Jobs, not productivity, may be the secret to Canada's economic strength, according to provocative new research.

An abundant supply of labour is the key ingredient that has allowed Canada to expand its economy over several decades despite disappointing productivity gains, a trio of economists from the U.S. Federal Reserve Board and the International Monetary Fund argue in a report to be published Wednesday in the International Productivity Monitor.

For decades, policy makers and economists have agonized about Canada's chronically lagging productivity compared to other leading industrialized countries.

If the new research is correct, the fixation may be overblown, even misguided. Ensuring a good supply of workers through immigration and tax policy may be just as important as investing in efficiency gains, new technology and research-and-development.

Canada has consistently trailed other Group of Seven economies in the growth of so-called total factor productivity, going back 40 years. But it's been at the head of the pack in economic growth thanks to a higher-than-average pace of jobs growth and hours worked, the study points out.

"Having abundant labour could tilt business decisions toward not paying the costs of implementing innovations and reorganizing production that would ultimately result in faster total factor productivity growth," according to the Fed's Andrea De Michelis and Beth Anne Wilson, and Marcello Estevao of the IMF.

Total factor productivity (TFP) is a catch-all for a country's innovation performance, encompassing technological change and other efficiencies. It's a more comprehensive indicator than labour productivity because it incorporates all the factors that contribute to growth – capital, energy, materials, services as well as labour.

"The results suggest that for countries like Canada, close to the technological frontier with good institutions and adequate support for research, development and entrepreneurship, concern about slow TFP growth may be less pressing as long as labour input growth remains strong," the authors conclude.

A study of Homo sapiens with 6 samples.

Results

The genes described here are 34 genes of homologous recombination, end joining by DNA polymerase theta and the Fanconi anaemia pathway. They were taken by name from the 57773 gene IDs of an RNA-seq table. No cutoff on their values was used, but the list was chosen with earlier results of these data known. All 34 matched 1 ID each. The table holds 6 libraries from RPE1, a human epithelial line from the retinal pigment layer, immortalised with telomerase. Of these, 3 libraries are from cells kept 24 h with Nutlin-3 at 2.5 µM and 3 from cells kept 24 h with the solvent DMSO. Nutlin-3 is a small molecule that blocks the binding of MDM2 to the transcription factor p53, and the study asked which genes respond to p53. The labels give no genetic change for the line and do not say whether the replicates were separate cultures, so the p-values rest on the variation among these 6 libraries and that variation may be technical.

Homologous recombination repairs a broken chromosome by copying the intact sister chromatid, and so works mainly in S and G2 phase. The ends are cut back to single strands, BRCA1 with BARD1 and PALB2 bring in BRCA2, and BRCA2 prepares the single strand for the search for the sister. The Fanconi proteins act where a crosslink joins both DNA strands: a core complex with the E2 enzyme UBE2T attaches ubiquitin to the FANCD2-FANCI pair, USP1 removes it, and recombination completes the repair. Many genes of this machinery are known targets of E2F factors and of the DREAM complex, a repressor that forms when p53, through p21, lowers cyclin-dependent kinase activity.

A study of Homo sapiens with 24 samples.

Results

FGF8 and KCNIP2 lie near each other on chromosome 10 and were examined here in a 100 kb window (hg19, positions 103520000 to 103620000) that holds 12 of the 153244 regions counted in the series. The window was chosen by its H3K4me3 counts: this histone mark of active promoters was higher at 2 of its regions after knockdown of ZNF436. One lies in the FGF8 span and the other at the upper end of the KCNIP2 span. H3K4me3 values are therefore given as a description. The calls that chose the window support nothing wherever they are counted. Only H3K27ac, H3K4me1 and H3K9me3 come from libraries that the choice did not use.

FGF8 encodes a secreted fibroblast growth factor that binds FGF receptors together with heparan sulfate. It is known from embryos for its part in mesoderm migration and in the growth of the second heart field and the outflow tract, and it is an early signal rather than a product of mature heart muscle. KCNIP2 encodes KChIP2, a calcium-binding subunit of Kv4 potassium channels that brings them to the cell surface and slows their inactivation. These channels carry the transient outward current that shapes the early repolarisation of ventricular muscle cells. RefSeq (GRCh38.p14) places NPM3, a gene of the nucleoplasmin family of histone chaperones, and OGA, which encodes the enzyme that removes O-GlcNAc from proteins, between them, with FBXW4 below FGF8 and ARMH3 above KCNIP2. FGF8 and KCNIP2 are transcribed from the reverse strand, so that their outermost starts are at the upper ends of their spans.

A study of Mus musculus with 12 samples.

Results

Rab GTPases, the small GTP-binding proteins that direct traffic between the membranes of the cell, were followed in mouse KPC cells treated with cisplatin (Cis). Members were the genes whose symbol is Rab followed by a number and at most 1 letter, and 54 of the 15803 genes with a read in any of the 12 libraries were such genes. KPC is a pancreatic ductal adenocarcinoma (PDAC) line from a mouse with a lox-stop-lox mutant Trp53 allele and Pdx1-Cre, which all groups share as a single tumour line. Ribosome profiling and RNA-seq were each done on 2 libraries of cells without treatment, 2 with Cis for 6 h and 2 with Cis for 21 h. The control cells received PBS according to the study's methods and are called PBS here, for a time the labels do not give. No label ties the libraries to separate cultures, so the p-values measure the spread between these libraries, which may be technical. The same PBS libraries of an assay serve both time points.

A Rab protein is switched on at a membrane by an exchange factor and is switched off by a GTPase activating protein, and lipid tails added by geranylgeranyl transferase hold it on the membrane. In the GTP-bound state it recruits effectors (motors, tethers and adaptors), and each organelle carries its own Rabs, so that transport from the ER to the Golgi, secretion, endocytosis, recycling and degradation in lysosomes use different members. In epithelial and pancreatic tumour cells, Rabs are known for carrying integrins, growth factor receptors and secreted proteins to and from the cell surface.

"Other factors, besides TFP growth, must be at play in determining long-run output growth."

Andrew Sharpe of the Ottawa-based Centre for the Study of Living Standards, who edits the International Productivity Monitor, pointed out that focusing on efficiency at the expense of jobs and hours worked could lead to "greater unemployment, income loss and reduced well-being."

Last week, the Conference Board of Canada gave the country a "D" grade for its poor innovation performance, well below top performers Switzerland, Sweden and the United States. Canada ranked 13th out of 16 industrialized countries, according to the annual report card. In two categories – business R&D and venture capital – Canada was second-to-last. And in all stages of the innovation process, from creation to transformation, Canada is "weak" while the country is "rarely at the leading edge of new technology," that report said.

The authors of the new study say their work raises interesting and important policy questions, such as "should countries with strong employment growth, such as Canada, worry less about their relatively weaker [productivity]?"

The study argues that productivity goes down when labour costs are lower, there is more immigration and the population grows more quickly.